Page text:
African Americans of South Carolina


This article is part of
the South Carolina Family History Research series.
History of South Carolina
South Carolina Vital Records
Census Records for South Carolina
Background Sources for South Carolina
South Carolina Maps
South Carolina Land Records
South Carolina Probate Records
South Carolina Court Records
South Carolina Tax Records
South Carolina Cemetery Records
South Carolina Church Records
South Carolina Military Records
South Carolina Periodicals, Newspapers, and Manuscript Collections
South Carolina Archives, Libraries, and Societies
South Carolina Immigration
African Americans of South Carolina
South Carolina County/District Resources
Map of South Carolina


African Americans arrived with the first ships in 1670, and were the majority of South Carolina’s population, as slaves, from about 1708 to the eve of the Revolutionary War. When the 1820 U.S. Census was conducted, African Americans were again in the majority, a position they retained until the 1920s. They brought many important skills with them to South Carolina; as agriculturists, herdsmen, and watermen, they made a significant contribution to the planter society of South Carolina.

Researchers cannot afford to overlook the Voter Registration Lists of 1867 and 1868. African Americans in South Carolina gained temporary control of the state through their voting majority; many recently freed slaves made their first appearance in the Voter Registration Lists.

Lists of free persons of color, slave lists, plantation records, personal and family records, bills of sale, account books, indentures, and a variety of similar records attest to African Americans in South Carolina. The South Carolina Department of Archives and History, College of Charleston, South Carolina Historical Society, University of South Carolina, and Winthrop College have important collections of these types of records and manuscripts. Not every South Carolina district or county created or preserved each type of record listed above. In fact, the number of local records attesting to a specific slave is small when compared with those available for people who were not enslaved. The best sources of information about slaves are district (county) estate and property records. See James Rose and Alice Eichholz, Black Genesis (1978; reprint, Baltimore: Genealogical Publishing Co., 2003).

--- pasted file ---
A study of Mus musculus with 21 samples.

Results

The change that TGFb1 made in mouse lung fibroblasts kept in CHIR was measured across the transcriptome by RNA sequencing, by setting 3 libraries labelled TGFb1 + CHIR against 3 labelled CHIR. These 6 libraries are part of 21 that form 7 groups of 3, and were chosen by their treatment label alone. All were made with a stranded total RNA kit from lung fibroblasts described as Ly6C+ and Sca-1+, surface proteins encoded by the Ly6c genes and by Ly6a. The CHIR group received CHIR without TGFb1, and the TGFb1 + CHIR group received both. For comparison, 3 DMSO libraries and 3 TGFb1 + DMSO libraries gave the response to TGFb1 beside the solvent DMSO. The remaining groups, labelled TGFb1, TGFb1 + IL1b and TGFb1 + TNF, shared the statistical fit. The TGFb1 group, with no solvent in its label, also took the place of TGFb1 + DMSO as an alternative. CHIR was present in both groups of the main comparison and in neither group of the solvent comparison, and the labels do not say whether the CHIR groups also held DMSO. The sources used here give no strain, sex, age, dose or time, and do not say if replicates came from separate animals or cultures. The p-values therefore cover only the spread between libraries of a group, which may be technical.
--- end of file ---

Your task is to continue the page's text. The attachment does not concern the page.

Kenneth M. Stampp, Professor Emeritus, University of California at Berkeley offers one of the best discussions of ante-bellum plantation records as the introduction to “Records of Ante-Bellum Southern Plantations from the Revolution Through the Civil War,” Series J: Selections from the Southern Historical Collections, Part 3: South Carolina, available online at www.lexisnexis.com/academic/guides/southern_hist/plantations/plantj3.asp.

Other useful publications include:

  • Begley, Paul R., Alexia J. Helsley, and Steven D. Tuttle. African American Genealogical Research. Rev. ed. Columbia, S.C.: Department of Archives and History, 1997.
  • Cody, Cheryll Ann. “Naming, Kinship and Estate Dispersal: Notes on Slave Family Life on a South Carolina Plantation, 1786–1833,” William & Mary Quarterly, 3d Series. 39 (1982): 192-211.
  • Helsley, Alexia Jones, South Carolina’s African American Confederate Pensioners, 1923–1925 (Columbia, S.C.: Department of Archives and History, 1998).
  • Helsley, Alexia Jones and Patrick J. McCawley, The Many Faces of Slavery (Columbia, S.C.: Department of Archives and History, 1999), discusses manumission, contracts, maroons, religion, miscegenation, and family relationships.